Rose McGowan regrets condemning Natalie Portman’s Oscar dress: ‘I lost sight of the bigger picture’

Adam White
Robyn Beck/John Lamparski

Rose McGowan has expressed regret over condemning Natalie Portman’s feminist Oscar dress.

The activist, filmmaker and former actor said last week (10 February) that she was “disgusted” by the gown, which had the surnames of a number of high-profile female directors embroidered into it.

On her official Facebook page, McGowan accused Portman of performative activism, and suggested that she was merely “acting the part of someone who cares”.

McGowan has now said that she regretted the tone of her original message, albeit while not referencing Portman by name.

“My critique should’ve been about Hollywood’s ongoing culture of silence,” McGowan wrote on Twitter. “I realise that by critiquing someone personally, I lost sight of the bigger picture.”

She continued, “All voices, however spoken, are valid. Let’s all keep pushing boundaries in whatever way we can, it’s time to get loud.”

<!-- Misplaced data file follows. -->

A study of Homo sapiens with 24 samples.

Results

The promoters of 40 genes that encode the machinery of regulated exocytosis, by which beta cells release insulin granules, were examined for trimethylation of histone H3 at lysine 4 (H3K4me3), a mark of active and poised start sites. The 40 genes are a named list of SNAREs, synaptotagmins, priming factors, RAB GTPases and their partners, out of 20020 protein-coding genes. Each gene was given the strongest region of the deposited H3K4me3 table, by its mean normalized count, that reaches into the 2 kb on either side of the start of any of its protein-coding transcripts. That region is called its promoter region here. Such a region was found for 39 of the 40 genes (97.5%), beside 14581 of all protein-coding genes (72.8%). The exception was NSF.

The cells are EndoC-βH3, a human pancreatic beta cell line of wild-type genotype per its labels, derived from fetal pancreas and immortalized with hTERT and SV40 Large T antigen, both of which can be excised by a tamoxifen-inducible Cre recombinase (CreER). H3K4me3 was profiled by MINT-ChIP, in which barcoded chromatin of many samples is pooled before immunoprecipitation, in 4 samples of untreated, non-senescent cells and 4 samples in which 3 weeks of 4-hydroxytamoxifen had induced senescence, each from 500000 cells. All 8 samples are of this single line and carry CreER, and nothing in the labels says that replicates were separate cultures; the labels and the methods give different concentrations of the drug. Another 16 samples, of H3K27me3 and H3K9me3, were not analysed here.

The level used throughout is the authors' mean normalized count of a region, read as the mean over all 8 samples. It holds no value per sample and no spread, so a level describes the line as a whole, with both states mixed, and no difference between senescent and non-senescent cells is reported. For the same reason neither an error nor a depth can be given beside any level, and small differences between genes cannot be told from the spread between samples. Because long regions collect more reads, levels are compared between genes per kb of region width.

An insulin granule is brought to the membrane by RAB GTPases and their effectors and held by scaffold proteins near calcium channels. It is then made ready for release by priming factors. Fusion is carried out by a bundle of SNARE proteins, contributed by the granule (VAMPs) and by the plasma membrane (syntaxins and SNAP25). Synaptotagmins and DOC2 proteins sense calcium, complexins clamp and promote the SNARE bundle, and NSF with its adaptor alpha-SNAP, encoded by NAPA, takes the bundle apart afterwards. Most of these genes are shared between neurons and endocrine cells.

McGowan had originally criticised Portman for not working with female filmmakers herself, a claim that Portman rebuked in her own statement.

“It is true I’ve only made a few films with women,” Portman wrote. “In my long career, I’ve only gotten the chance to work with female directors a few times … Unfortunately, the unmade films I have tried to make are a ghost history.”

Portman previously attempted to set up projects with filmmakers including Lynne Ramsay, Marielle Heller and Patty Jenkins – all of which failed to get off the ground with those specific directors attached.

“I have had the experience a few times of helping get female directors hired on projects which they were then forced out of because of the conditions they faced at work,” Portman wrote. “I want to say, I have tried, and I will keep trying. While I have not yet been successful, I am hopeful that we are stepping into a new day.”

Portman has yet to respond to McGowan’s latest statement.